Learning to live within differences
What is the first thing that people think of when we talk about Germany? Some may think of the famous sausages, many of the great variety of beers. Others may think of buildings and big companies and, of course, that well-known stereotype of Germans always seeming angry because of their tone of voice.
I’ve been living four months in this country, specifically in the capital Berlin. It’s a multicultural place full of people, churches, and trains. In this short time, I’ve noticed certain things about this area such as the fact that work is one of the main focuses of life, that being punctual is truly important, and that beating around the bush is nobody's style here. If people here don’t like something, they will tell you. That's it. Their style is immediacy when they do, or assign, a task. But there are also things that are simple for me such as a kiss on the cheek to greet, or hugs. But they are pretty uncommon.
For some people, these traits might sound a bit rude. I know that I’m not reinventing the wheel but, in a way, there is something new that I’m experiencing, which are situations that are culturally startling and others that are very pleasant. This process is not easy but if it were it wouldn’t be challenging.
I don’t plan to compare regions or lifestyles because differences are what makes a place interesting; a country and its people. The history of a country, its past, processes, and major events, allow you to see more meaningfully and clearly people’s behaviour, their politics and beliefs. Differences between regions that are culturally cold and warm are reflected in almost all aspects of life, from family relationships to how jobs are carried out in firms.
From the time I accepted to come to this country I knew that I started a stage of a lot of growth where I had to leave my comfort zone. It was the moment to leave my land and my people. At the beginning it feels like too many changes and rules but time, patience, and being eager to learn help with this process of adjustment.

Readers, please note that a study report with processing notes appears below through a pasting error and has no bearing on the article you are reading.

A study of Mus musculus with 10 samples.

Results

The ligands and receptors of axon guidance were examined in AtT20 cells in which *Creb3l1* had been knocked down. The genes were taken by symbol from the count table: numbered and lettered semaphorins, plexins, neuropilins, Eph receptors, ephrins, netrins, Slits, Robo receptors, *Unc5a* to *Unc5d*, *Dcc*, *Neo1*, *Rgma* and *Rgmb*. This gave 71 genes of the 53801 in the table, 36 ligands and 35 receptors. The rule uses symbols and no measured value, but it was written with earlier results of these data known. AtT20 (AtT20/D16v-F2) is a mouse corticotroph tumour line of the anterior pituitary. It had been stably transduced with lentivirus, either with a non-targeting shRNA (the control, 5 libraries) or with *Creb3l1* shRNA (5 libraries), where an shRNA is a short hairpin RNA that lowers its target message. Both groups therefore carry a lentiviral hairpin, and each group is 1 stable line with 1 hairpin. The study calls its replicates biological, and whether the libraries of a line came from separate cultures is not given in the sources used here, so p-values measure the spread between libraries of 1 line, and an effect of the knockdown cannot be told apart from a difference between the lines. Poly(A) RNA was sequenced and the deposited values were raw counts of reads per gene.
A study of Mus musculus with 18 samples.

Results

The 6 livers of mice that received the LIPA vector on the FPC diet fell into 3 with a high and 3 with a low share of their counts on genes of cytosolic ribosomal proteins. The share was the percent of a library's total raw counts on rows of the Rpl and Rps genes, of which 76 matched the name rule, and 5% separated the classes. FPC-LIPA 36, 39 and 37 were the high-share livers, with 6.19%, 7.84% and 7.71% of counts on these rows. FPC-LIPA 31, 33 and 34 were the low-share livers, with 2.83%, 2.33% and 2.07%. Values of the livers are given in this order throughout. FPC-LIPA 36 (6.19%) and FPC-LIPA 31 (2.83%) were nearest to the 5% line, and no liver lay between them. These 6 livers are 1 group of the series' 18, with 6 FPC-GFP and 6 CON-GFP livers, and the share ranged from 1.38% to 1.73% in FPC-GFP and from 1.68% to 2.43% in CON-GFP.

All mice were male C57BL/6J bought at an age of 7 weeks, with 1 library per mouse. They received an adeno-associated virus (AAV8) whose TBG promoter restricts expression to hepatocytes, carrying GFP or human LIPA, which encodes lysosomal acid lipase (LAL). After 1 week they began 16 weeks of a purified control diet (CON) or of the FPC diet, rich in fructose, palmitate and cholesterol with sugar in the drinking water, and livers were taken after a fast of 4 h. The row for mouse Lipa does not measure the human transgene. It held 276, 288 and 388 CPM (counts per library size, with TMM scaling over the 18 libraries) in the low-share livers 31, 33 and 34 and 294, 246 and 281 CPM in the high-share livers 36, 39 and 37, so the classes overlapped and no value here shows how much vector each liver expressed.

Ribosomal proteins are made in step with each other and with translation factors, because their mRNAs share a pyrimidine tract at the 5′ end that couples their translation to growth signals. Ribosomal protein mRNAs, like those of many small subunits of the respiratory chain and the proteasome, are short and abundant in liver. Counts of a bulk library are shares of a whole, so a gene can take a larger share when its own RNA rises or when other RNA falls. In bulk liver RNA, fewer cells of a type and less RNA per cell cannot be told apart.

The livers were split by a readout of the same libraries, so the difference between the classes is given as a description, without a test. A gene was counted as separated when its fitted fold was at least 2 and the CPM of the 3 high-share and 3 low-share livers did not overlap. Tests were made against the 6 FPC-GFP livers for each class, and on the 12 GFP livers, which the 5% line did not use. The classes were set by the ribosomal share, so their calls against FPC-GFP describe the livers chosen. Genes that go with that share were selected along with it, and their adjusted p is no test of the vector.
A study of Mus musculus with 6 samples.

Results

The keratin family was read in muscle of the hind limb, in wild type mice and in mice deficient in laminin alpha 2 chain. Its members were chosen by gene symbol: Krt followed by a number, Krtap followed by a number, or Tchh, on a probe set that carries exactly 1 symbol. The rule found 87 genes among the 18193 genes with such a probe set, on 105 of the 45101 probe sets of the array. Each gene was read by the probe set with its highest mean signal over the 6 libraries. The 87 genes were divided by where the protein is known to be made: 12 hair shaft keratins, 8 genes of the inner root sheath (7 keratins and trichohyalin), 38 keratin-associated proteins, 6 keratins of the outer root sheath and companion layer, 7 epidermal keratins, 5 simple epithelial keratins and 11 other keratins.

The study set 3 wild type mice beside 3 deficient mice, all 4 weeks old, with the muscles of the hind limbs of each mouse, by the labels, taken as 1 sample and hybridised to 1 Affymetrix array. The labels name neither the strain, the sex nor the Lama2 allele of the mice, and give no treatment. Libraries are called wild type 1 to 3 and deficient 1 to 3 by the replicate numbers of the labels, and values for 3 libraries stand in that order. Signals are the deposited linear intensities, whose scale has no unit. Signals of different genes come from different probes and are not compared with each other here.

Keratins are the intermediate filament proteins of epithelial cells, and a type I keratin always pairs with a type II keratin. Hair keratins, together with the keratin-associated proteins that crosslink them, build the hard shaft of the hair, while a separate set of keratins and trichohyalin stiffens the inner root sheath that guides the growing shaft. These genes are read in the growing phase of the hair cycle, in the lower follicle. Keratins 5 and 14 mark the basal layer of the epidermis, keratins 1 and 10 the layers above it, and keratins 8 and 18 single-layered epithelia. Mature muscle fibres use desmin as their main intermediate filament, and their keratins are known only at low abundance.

This has been an experience with ups and downs. It has definitely been a roller-coaster of emotions. I’ve missed people but also enjoyed myself. I have cried but also laughed a lot. Nevertheless, these months have been good. They have been my preparation for what comes next, now with more judgement, observation, and awareness.
To live far from family and friends is still difficult. This has helped me to remember where I’m coming from. It has helped me to get to know myself better and to appreciate what I had left behind and what lies in front of me. There is still much more to learn. To be here is a daily challenge but I’m sure that this time will allow me to grow and that it will give me a different perspective on the world.
Here is a small list of things I like here:
Public transport is fast, efficient and on time and it is not so complicated to reach far-off places.
Autumn is beautiful and gives a magical touch to the city; seeing the colours of the leaves and watching the trees transform day by day.
The bread is delicious and it's very common to eat it every day.
The old style of some buildings not losing their elegance.
I thank all the people who have supported me in this process and also those who have taken the time to read this article.